Recent requests by "Serial" podcast subject Adnan Syed to have post-conviction proceedings in his 15-year-old murder case reopened in Baltimore Circuit Court — in part so that a new alibi witness can testify on his behalf — are "meritless" and should be denied, according to attorneys for the state.

In a 34-page motion filed with the court Wednesday, Deputy Attorney General Thiruvendran Vignarajah argued that reopening the proceedings so the court can hear from Asia McClain, the alleged witness, would be "inconsequential theater and not in the interest of justice."


Syed was convicted in 2000 of murder in the death of his ex-girlfriend, Hae Min Lee, and is serving a life sentence. His case gained worldwide attention because of "Serial," a 12-episode podcast and offshoot of the "This American Life" public radio program that revisited the evidence and Syed's defense in the case.

Vignarajah said in the filing that McClain's testimony would have no bearing on Syed's claim — still pending before the Maryland Court of Special Appeals — that he should be granted a new trial because of poor representation by his prior attorney. Vignarajah also wrote that allegations that one of the original prosecutors improperly dissuaded McClain from testifying are "preposterous."

In addition, Vignarajah challenged as "misleading" a contention by Syed's new attorney, C. Justin Brown, that his previous attorney, M Cristina Gutierrez, failed to properly challenge phone records from cellular carrier AT&T that prosecutors relied upon to place Syed at Leakin Park when authorities believe Lee's body was buried in 1999.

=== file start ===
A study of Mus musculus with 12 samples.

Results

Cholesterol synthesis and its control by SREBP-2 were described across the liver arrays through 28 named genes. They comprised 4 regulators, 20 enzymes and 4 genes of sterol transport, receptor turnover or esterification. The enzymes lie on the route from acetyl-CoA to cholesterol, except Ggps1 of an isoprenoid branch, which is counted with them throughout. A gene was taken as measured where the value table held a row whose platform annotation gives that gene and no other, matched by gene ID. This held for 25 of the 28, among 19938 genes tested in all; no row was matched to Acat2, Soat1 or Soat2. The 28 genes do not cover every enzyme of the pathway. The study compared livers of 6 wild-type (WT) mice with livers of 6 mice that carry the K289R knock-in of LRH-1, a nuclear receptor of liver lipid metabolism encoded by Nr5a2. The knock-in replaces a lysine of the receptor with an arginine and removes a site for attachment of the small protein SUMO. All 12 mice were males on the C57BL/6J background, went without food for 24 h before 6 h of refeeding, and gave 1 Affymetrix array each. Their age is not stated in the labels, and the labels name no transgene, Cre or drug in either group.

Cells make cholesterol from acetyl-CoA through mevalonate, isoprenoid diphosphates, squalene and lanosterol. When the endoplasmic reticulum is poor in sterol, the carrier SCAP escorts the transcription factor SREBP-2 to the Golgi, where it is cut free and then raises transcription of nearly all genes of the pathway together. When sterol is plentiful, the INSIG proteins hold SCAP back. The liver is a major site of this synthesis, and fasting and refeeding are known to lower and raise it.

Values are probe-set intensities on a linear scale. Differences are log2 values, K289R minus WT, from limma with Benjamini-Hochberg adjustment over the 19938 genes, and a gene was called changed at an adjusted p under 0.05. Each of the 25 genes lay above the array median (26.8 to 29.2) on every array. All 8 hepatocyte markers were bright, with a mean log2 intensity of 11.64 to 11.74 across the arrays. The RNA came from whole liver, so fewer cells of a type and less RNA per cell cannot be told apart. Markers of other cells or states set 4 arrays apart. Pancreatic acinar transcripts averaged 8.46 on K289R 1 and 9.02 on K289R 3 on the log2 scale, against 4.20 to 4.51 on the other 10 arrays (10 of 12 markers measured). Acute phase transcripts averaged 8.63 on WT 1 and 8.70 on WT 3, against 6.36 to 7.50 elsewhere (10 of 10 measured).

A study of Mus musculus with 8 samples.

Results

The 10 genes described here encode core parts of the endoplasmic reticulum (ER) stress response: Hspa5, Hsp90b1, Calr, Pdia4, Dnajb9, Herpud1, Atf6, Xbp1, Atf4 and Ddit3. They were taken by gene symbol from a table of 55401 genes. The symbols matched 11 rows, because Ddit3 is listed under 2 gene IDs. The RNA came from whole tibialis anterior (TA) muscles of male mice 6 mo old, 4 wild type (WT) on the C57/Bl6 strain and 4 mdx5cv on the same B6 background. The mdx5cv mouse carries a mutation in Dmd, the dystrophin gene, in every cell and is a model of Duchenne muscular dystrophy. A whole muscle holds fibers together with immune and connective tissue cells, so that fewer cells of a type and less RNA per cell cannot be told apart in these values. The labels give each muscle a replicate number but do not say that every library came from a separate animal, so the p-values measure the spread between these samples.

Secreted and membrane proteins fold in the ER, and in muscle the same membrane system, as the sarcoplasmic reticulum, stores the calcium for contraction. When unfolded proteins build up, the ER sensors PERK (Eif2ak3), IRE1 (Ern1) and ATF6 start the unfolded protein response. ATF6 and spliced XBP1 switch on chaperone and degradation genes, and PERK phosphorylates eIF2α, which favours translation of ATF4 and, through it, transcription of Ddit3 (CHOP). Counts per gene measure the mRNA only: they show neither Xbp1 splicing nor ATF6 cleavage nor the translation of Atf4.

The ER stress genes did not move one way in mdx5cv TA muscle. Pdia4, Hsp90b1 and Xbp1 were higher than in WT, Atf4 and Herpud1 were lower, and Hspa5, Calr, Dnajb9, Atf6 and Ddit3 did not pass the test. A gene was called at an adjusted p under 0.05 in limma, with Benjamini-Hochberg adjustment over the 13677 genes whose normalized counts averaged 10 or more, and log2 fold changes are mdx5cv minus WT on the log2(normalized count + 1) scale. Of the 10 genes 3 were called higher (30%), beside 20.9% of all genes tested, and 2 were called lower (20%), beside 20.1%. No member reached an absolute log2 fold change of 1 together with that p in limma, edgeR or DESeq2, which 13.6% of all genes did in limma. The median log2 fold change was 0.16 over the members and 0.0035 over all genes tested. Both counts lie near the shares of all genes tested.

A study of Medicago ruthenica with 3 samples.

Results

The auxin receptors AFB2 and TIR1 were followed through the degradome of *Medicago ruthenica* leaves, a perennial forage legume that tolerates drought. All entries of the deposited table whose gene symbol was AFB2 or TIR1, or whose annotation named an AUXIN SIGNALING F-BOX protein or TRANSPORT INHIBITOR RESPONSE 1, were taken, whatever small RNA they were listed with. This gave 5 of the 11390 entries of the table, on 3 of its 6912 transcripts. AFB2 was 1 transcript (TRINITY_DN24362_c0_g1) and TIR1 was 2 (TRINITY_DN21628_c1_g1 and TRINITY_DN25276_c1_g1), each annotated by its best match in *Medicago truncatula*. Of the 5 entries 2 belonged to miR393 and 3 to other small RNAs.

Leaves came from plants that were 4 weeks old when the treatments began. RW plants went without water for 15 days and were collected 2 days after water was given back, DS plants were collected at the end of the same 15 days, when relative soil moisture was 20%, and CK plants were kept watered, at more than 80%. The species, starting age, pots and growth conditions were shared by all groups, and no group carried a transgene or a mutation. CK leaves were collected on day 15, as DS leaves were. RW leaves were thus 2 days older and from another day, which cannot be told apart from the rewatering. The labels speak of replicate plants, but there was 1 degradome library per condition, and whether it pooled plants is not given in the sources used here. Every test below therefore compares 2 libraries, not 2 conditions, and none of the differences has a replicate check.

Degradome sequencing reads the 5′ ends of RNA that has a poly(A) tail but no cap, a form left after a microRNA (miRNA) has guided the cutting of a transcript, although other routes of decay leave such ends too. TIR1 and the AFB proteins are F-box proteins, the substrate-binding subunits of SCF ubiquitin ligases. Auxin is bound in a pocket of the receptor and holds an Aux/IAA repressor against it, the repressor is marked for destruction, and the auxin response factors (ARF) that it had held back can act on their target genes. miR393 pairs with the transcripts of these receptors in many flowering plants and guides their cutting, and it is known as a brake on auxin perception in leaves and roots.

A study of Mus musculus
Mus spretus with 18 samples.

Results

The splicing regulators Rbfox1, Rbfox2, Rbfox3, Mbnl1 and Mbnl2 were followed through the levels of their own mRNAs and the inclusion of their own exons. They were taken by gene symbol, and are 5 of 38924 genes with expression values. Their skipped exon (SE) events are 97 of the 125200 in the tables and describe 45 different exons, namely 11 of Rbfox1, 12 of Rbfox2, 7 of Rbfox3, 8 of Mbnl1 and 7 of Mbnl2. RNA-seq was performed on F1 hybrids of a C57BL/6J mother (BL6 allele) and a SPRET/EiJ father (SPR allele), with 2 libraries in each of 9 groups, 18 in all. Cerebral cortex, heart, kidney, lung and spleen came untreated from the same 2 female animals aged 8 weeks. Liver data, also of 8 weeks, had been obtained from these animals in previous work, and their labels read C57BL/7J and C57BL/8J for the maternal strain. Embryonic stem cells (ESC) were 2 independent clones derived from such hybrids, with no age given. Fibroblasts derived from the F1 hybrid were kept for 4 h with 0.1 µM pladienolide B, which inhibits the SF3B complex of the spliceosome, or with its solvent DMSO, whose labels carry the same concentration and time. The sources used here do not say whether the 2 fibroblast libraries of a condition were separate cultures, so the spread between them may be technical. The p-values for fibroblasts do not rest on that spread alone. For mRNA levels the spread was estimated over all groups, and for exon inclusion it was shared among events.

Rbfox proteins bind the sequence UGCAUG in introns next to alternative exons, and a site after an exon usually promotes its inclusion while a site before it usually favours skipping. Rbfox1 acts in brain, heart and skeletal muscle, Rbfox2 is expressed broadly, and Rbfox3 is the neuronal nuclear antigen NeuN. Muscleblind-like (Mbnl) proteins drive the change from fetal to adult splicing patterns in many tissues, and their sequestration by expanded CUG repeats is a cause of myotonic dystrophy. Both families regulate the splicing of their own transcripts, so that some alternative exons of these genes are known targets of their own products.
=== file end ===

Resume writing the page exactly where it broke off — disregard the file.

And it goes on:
Lee and McClain were Syed's Woodlawn High School classmates.

Brown said in a filing last month that prosecutors used incoming calls to Syed's cellphone even though AT&T warned about the accuracy of cell tower data on a fax cover sheet to Baltimore police. Vignarajah wrote that the fax sheet actually referred to an entirely different set of documents.

Brown said he hadn't seen the state's motion as of Wednesday night but would be "reviewing it and considering our next step."

The Court of Special Appeals agreed in February to hear Syed's appeal of a lower court ruling that denied his request for a new trial.